Standing could help lower blood sugar
Spending time standing instead of sitting could help lower your blood sugar levels, an Australian study claims.
The study found replacing sitting with standing or walking not only lowers your blood sugar levels, but also cuts the amount of fat in your blood, improves cholesterol levels and helps you lose weight.
Benefits of a non-sedentary life
The research team at The University of Queensland looked at 782 people aged between 36 and 80.
They each had activity monitors strapped to their thighs for a week to measure how much time they spent sitting, standing, sleeping, stepping and lying.
Blood samples were provided before the tests along with measurements of blood pressure, height, weight and waist circumference.
Dr Genevieve Healy, senior research fellow at the University’s School of Public Health, found those who spent time standing rather than sitting had lower levels of blood sugar and blood fats.
Stepping activities, like running or walking, also led to a drop in the size of their waistlines and their BMI.
Dr Healy says the results back up past studies about the benefits of a non-sedentary lifestyle.
Two hours extra standing time a day
Standing for an extra 2 hours a day resulted in a 2% drop in fasting blood sugar levels and an 11% reduction of fats in the blood.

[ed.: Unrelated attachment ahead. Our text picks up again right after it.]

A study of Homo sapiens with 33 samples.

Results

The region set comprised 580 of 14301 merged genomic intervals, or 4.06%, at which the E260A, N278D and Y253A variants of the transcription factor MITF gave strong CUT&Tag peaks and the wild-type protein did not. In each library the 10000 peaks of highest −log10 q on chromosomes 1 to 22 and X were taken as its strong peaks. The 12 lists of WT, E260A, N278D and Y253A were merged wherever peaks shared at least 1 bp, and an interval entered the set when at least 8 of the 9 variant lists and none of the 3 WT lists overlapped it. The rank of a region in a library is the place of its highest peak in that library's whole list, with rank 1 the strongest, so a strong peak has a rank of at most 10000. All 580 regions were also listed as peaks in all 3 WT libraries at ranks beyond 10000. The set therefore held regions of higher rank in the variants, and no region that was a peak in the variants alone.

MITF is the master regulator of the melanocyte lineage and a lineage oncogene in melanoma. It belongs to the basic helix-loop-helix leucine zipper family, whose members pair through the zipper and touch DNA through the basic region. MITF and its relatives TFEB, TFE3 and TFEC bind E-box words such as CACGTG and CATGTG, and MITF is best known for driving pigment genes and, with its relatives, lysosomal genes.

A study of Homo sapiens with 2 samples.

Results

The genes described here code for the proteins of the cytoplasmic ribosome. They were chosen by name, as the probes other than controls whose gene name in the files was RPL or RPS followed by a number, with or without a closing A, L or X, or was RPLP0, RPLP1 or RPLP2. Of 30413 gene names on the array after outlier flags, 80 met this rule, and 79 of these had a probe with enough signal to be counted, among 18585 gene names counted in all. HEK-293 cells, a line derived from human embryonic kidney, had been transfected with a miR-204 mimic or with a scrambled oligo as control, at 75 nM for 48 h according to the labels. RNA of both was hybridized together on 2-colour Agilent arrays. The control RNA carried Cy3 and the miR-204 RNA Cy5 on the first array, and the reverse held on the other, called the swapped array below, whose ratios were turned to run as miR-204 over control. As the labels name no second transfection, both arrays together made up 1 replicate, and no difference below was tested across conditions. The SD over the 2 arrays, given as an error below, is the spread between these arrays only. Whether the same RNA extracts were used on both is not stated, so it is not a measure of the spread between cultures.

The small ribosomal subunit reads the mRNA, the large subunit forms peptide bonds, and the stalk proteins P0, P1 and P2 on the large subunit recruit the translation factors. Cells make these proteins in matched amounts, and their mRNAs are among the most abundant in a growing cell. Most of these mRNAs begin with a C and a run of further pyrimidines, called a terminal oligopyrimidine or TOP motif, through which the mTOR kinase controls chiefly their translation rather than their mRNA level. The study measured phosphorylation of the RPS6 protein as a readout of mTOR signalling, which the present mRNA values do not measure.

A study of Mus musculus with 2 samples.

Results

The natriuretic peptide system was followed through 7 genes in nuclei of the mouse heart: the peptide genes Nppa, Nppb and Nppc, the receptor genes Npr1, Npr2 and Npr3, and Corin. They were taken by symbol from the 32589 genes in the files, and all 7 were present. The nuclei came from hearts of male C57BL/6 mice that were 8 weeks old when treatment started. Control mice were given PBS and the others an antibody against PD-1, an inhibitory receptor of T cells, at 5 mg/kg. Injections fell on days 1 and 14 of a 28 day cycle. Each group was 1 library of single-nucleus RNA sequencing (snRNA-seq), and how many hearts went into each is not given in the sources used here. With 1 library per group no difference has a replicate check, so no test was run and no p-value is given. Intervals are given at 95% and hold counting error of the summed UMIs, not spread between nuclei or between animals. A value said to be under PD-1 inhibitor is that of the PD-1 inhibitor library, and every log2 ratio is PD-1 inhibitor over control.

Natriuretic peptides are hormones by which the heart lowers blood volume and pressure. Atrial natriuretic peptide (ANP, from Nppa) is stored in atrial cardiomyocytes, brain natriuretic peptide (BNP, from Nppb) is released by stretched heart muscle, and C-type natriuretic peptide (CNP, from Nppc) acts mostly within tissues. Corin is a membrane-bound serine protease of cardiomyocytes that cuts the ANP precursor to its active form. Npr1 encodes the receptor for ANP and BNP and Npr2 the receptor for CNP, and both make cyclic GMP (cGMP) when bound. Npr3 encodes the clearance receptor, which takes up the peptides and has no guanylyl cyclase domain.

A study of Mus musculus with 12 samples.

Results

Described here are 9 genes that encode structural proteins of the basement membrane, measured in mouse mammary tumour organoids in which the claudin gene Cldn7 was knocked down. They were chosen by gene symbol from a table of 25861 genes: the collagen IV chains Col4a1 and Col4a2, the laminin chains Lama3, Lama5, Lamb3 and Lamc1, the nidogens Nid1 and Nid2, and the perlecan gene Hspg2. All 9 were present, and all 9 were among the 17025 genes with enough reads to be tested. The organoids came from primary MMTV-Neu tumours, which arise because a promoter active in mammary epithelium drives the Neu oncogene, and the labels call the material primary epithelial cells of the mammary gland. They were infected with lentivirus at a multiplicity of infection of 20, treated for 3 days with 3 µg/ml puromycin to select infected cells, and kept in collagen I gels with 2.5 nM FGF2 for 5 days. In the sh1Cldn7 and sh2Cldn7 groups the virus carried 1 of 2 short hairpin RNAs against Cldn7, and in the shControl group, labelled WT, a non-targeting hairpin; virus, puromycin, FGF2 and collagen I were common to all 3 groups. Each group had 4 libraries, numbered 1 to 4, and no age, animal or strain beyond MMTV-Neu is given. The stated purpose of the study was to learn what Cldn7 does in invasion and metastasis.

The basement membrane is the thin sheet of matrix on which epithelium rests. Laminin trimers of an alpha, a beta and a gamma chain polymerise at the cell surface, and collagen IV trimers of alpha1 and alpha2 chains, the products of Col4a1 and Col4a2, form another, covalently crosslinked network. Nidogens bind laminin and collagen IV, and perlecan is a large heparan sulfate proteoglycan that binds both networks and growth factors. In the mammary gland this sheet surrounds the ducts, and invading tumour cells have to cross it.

Longer standing times also led to increases in the ‘good’ type of cholesterol and shifted the body’s ratio away from bad cholesterol towards good cholesterol.
By replacing sitting with 2 hours of stepping, people saw their BMI drop by 11% and their waistlines cut by 7.5cm.
‘Get up for your heart health’
Dr Healy says the findings give a good starting point for strategies aimed at increasing the amount of time people spend standing or walking.
She urges people to ‘get up for your heart health’.
She adds the study could have implications for offices and may encourage employers to introduce ‘sit-stand’ desks.
While she admits not all sitting is bad, she does want people to consider alternatives to sitting when possible.
The researchers were also surprised at the amount of time people stood during the day, with a third of our waking hours spent on our feet.
In an editorial to the study, Professor Francisco Lopez-Jimenez of the Mayo Clinic says in modern society sedentary behaviour is seen as a sign of economic importance, while it is labours who are more active.